First of all, let’s consider the whole point of taking backups.  Excluding the inappropriate use of backup for archiving, the backup process is there to ensure you can maintain continuous access to your data in the event of unforseen circumstances.  Usually (but not exclusively) these are data loss due to equipment or power failure, data corruption (whether software bug or malicious), accidental deletion or a need to return to a previous point in time for consistency purposes where there are multiple interrelated systems.

Backups will be used infrequently and inevitably, like insurance, you never know how good your backups are until you come to use them.  I wouldn’t advocate crashing your car just to check your insurers will pay out, however periodic validation of backups and more importantly – the restore process - is a good thing.  Why?  Because in a recovery scenario, you want to be confident your backups have worked and that the process of recovery will be as smooth as possible.  Recovering data is typically a time-critical operation.  You’re recovering data because somebody needs the information quickly, or because a system is down.  When the pressure is on, the process needs to work flawlessly.  In addition to the time pressures, restores should be periodically checked because:

  • Backup media deteriorates over time; you should be ensuring any failing media is replaced.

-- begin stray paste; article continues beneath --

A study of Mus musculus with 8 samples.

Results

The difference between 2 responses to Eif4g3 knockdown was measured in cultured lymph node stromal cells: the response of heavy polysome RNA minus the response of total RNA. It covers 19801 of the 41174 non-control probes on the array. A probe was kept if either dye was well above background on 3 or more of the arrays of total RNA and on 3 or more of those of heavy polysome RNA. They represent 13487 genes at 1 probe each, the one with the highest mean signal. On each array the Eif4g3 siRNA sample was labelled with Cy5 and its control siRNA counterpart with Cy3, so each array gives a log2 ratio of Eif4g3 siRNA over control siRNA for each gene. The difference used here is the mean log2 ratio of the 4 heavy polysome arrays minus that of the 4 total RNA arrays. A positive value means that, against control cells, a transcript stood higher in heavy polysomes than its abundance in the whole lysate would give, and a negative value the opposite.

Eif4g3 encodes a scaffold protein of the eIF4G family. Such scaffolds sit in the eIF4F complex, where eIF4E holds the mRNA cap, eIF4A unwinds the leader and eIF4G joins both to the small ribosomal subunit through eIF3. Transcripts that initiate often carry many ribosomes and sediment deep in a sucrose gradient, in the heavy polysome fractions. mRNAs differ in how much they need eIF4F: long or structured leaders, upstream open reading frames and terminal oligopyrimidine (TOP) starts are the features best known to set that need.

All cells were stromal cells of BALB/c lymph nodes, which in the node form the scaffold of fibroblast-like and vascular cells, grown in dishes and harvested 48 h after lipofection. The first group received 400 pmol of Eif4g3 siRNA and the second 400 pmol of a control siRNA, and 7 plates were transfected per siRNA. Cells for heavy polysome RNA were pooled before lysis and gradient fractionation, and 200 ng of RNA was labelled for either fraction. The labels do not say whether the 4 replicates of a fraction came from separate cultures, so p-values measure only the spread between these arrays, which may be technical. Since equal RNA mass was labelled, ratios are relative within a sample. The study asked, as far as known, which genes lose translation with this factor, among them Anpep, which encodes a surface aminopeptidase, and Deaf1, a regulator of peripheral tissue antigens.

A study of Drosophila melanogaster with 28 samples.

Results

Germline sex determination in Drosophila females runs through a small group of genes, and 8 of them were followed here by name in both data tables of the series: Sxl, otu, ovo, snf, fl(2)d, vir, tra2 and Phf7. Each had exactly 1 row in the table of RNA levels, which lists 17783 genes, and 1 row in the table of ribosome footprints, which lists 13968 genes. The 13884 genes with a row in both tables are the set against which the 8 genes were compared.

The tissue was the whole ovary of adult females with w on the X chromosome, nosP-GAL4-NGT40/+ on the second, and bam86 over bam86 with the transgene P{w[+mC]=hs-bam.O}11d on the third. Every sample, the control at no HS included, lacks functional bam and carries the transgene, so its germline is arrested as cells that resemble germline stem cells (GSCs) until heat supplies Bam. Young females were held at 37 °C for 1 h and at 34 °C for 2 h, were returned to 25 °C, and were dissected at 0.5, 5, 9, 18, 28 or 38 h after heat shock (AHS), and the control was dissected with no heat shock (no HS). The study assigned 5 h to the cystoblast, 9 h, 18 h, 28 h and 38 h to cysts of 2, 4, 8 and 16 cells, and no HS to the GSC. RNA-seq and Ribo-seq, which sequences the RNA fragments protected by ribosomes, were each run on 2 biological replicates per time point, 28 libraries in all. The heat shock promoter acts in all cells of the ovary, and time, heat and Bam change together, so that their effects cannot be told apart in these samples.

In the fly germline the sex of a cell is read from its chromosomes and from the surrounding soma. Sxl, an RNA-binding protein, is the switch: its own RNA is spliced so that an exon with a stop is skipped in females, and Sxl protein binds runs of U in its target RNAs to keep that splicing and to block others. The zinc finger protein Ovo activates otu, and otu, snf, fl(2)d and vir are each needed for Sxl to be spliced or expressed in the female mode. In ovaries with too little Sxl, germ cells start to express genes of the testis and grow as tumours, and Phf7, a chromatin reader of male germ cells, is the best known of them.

• Backup software upgrades can cause issues with restores is data formats are changed.
  • Server software upgrades can cause issues with restores.

So, to the heart of the matter, how often to test restores.  I believe restore testing should be based on the criticality of the data and of the complexity of the backup infrastructure.  So, if data integrity is the essence of your business, test restores more often.  If you have a shared backup infrastructure, test restores from that; if you have a more distributed design, you’ll need to test each backup component.  Here are some thoughts:

  • Test restores of individual files on a weekly basis
  • Test restores of large volumes of data on a monthly basis
  • Test whole system restores 1/2 yearly
  • Randomly select media for restore; choose new and old media alike
  • Test restores into your DR site (if you have one)
  • Replace faulty media immediately
  • Have a media retirement policy
  • Have a backup onboarding policy

There’s no right or wrong way to approach testing restores; it’s all about building confidence in the restore process, so when you need it, you can be happy it will work for you.

About Chris M Evans

Chris M Evans has worked in the technology industry since 1987, starting as a systems programmer on the IBM mainframe platform, while retaining an interest in storage. After working abroad, he co-founded an Internet-based music distribution company during the .com era, returning to consultancy in the new millennium. In 2009 Chris co-founded Langton Blue Ltd (www.langtonblue.com), a boutique consultancy firm focused on delivering business benefit through efficient technology deployments. Chris writes a popular blog at http://blog.architecting.it, attends many conferences and invitation-only events and can be found providing regular industry contributions through Twitter (@chrismevans) and other social media outlets.